The Observer is a Student-run, daily print & online newspaper serving Notre Dame & Saint Mary's. Learn more about us.



Trasviña addresses immigration

Claudia Braga-Henebry | Thursday, September 6, 2007

America’s “schizophrenia” concerning immigration was a main theme in Wednesday’s lecture by guest speaker John Trasviña, an influential voice in the continuing debate over Latino immigration.

Focusing largely on United States history and the continuing vacillation on immigration issues, Trasviña’s speech was a lesson in politics, history and acceptance.

A piece of Trasviña’s schizophrenia theme concentrated on the welcoming of migrants into America.

“Sometimes [immigrants] are welcome, and sometimes they’re not, depending on their country of origin and the time period,” he said. He cited Indianapolis as an example of a city that welcomes and helps immigrants.

Trasviña mentioned the city’s high naturalization rate and the positive repercussions that has for a community.

Trasviña also focused on America’s history regarding immigration policies and sentiment – from the 1800s on – touching on various influxes of certain immigrant groups.

“The debate [on immigration] needs to be elevated from a debate where we simply scream at each other, into a national conversation about immigration,” Trasviña said.

To the average Notre Dame student, immigration should be an issue to get involved with, Trasviña said.

“Immigration has far-reaching implications for every business, family and community … students will be entering into a workforce of a more interdependent world.”

A native of San Francisco, Trasviña graduated from Harvard University and went on to study at Stanford Law School. He has held many prestigious political and nonpolitical positions, and is currently the president and general counsel of the Mexican American Legal Defense and Educational Fund (MALDEF).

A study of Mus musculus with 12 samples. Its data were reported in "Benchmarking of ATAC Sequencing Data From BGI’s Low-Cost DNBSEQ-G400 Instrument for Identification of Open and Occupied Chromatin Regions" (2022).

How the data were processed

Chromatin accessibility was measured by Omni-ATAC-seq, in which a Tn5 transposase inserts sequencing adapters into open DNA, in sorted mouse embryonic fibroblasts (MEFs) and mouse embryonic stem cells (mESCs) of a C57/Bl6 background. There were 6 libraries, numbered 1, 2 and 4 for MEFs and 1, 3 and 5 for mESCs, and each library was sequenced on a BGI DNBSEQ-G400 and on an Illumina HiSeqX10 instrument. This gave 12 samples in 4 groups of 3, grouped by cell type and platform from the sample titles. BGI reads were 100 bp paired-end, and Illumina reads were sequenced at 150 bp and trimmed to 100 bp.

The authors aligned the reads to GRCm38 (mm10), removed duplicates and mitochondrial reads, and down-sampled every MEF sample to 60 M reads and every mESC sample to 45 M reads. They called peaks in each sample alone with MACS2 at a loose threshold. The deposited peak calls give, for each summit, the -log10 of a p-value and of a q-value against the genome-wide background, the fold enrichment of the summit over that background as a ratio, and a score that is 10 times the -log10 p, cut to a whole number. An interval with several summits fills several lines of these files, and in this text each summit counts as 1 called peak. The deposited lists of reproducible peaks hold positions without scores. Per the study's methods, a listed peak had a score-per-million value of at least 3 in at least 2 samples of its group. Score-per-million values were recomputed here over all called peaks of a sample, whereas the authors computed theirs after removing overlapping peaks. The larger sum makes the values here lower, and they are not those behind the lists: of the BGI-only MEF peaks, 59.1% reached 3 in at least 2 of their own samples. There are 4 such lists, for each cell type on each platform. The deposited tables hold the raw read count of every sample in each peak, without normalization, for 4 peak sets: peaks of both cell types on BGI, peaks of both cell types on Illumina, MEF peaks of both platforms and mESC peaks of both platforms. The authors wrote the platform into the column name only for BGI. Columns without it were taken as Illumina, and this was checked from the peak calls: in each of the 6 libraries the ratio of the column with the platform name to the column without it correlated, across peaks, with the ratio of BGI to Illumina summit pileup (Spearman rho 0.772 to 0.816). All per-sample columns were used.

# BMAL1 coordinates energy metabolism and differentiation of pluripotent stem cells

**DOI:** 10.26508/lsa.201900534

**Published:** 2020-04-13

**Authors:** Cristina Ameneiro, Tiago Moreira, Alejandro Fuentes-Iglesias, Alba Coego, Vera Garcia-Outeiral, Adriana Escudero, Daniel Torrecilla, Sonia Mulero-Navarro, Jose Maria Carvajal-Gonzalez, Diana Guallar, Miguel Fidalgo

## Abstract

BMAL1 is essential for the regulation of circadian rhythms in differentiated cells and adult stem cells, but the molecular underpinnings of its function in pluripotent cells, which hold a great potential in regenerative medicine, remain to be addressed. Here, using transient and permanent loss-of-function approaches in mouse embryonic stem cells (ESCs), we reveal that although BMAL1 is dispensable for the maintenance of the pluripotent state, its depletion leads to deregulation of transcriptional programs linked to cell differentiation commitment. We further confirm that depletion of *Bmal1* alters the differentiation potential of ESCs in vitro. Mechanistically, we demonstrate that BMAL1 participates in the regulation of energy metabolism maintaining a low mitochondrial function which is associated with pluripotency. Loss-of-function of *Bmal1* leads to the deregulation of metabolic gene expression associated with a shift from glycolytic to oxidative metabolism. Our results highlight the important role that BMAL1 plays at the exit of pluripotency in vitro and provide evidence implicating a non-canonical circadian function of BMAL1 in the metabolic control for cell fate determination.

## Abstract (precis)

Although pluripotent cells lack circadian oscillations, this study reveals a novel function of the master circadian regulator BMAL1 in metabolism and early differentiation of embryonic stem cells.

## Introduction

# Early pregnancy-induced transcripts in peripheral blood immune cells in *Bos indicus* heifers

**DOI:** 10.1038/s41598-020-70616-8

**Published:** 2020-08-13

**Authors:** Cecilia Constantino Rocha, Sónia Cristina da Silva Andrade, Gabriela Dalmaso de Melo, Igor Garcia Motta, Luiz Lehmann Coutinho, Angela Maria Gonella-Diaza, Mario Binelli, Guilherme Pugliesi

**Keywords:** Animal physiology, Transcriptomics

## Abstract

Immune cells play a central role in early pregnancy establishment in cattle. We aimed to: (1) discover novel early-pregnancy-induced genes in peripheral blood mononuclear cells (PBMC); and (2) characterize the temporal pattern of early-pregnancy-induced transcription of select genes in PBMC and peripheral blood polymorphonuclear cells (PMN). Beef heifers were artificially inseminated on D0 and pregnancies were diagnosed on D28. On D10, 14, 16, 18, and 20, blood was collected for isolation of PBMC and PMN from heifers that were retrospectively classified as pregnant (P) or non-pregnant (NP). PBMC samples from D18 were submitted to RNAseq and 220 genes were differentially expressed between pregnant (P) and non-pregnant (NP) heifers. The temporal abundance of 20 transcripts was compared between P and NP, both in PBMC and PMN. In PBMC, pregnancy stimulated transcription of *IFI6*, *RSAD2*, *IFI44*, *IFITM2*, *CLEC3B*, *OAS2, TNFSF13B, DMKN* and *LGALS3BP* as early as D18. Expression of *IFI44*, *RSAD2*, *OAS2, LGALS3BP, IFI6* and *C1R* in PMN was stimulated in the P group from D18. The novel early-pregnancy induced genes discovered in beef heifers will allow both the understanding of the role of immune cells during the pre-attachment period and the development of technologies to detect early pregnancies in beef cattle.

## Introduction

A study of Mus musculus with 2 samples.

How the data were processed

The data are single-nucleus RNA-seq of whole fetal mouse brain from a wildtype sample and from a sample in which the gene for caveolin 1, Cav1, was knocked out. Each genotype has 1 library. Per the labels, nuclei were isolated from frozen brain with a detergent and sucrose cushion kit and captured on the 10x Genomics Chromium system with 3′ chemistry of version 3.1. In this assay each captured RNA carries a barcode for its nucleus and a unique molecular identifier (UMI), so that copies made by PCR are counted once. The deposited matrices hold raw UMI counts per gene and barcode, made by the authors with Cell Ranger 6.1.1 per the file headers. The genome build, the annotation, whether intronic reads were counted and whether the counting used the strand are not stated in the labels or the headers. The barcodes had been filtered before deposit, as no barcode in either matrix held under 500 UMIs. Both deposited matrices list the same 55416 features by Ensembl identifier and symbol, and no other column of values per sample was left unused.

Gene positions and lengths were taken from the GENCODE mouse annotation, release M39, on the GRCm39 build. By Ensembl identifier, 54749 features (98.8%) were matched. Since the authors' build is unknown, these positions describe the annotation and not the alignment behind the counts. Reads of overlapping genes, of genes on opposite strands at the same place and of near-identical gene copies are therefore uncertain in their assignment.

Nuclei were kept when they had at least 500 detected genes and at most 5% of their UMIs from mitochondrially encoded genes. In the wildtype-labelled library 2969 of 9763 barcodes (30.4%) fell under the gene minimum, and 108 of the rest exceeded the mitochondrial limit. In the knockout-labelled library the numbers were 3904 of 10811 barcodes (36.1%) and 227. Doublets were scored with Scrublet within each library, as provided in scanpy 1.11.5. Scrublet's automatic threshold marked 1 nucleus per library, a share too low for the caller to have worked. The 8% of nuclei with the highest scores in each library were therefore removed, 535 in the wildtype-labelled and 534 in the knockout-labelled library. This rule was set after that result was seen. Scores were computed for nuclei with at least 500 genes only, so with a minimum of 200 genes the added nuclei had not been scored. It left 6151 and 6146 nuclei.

According to its website, MALDEF’s mission is “to foster sound public policies, laws and programs to safeguard the civil rights of the 45 million Latinos living in the United States and to empower the Latino community to fully participate in our society.” 

“We’re the law firm for the entire Latino community, and not just the immigrants,” Trasviña said of MALDEF.

The lecture was the first in a series of public policy lectures sponsored by Notre Dame’s Institute of Latino Studies, given by influential voices for Latino affairs in present day America.

“Latino Immigrants in America, Our Past and Our Future,” the title of the series, will run through the entire academic school year, the next installment coming Dec. 7, said Yolanda Lizardi Marino, the Institute’s director of academic affairs.  

Trasviña’s talk was entitled “A Public Policy Agenda and a New Vision for the Future.”

Each Wednesday through the middle of October a documentary will be shown in 126 DeBartolo Hall about immigrants from varying countries throughout the world, including China, Mexico and the Dominican Republic. Both the lecture and the film series are open to the public.